Missy Higgins. Picture:

Missy Higgins admits she can go either way but, if the Melbourne singer- songwriter had to commit, she’d say she’s more of a dog person. This is despite owning a big fluffy black cat, Molly.

Via the iPhone app PetRescue, she is looking to adopt a dog. One of the furry friends she has applied for is called, of all things, Missy.

Chatting over a cup of tea in a Sydney cafe, Higgins imagines the scene. The ARIA Award-winning musician, who has battled depression and only recently returned to making music after stepping away from her craft, wandering around a suburban park shouting her own name over and over. “She’s finally gone nuts,” Higgins laughs.

The 29-year-old is now in a much happier place after the relentless international touring and promotion for second album, On a Clear Night, left her totally burnt out.

Despite making inroads in the US and Australian fans propelling the album to the top of the charts and triple platinum sales (more than 210,000 copies), Higgins thought she was done and dusted as a recording artist.

Five years after the second album, Higgins returned with the Nashville-recorded The Ol’ Razzle Dazzle. Like her previous two albums, the new one shot to No. 1 and has earnt platinum status, as well as two ARIA Awards, including best adult contemporary album.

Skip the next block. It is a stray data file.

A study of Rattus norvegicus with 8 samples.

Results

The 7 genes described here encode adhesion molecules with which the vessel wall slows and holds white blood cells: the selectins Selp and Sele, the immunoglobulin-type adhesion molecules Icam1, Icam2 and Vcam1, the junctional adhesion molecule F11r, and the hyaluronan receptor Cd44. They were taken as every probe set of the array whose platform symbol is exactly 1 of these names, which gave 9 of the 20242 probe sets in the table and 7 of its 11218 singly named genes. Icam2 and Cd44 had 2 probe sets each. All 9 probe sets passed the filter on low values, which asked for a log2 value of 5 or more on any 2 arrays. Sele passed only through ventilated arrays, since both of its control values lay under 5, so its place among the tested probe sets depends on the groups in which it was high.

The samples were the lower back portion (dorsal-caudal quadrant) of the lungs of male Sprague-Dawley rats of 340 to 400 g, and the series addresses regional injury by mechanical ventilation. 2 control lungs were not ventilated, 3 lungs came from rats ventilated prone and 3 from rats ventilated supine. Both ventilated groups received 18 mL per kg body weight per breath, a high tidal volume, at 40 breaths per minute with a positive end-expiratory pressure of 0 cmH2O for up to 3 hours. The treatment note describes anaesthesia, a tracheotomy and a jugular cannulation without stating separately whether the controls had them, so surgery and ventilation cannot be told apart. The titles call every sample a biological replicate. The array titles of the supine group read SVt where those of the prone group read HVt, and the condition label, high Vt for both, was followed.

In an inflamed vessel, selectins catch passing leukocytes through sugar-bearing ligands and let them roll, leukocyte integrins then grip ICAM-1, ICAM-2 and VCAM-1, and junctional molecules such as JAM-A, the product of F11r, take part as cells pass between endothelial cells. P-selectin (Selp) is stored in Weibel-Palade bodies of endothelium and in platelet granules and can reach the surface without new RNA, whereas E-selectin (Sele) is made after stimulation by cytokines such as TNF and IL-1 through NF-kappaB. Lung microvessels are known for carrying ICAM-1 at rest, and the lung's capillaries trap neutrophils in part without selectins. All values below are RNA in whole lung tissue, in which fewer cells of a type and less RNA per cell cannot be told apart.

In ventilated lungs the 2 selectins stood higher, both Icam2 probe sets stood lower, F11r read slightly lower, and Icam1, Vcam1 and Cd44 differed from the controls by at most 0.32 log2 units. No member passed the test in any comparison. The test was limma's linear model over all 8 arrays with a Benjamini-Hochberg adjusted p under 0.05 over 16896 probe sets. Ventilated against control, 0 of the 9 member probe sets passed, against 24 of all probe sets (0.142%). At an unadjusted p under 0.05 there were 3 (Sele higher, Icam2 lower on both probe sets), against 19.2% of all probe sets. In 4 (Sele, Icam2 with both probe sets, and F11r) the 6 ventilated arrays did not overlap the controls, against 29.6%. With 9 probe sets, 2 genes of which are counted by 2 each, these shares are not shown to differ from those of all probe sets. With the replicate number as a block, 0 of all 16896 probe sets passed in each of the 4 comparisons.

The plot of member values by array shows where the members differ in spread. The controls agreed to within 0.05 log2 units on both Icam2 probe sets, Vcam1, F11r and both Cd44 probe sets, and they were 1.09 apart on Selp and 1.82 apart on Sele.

Higgins says the warm embrace from fans has been more important than trophies and has really put the ol’ razzle dazzle back into music.

“I didn’t know how it was going to go because I took so much time off and there were plenty of people that said, you know, that’s career suicide,” she says.

“All I wanted to do with this album was have fun making it and be really creative. I thought ‘If I really like it, then that’s a good first step’. For so many years I was writing songs that I just didn’t like, that I wasn’t inspired by,” Higgins says.

“If I don’t like it, then no one else is going to.”

While the album, which has spawned three very different singles (Unashamed Desire, Everyone’s Waiting and, most recently, Set Me on Fire), has satisfied the songstress, the real test of her comeback was whether she could keep pace with the touring and promotional treadmill.

The proliferation of music websites has meant that Higgins couldn’t escape doing 20-plus interviews a day to spruik The Ol’ Razzle Dazzle. But she has learnt to draw a line in the sand as far as touring is concerned.

After the Australian tour wraps she will play New Zealand gigs in February and then that’s it apart from the odd festival appearance.

“I know my limits this time, I guess,” Higgins says. “In the past I would just keep on touring this album for another year or two. Previously I would think ‘I’ve got to do more, I’ve got to work it, I’ve got to grind myself down to the bone’.

“It’s a finite well, you know, the creativity well, and you can’t keep starting on empty. You’ve got to stop when you’ve got a little bit left to give, in order to use that as a platform for the next project.”

Missy Higgins plays the Fremantle Arts Centre on Saturday and Sunday, supported by Kate Miller- Heidke. Tickets from the usual outlets.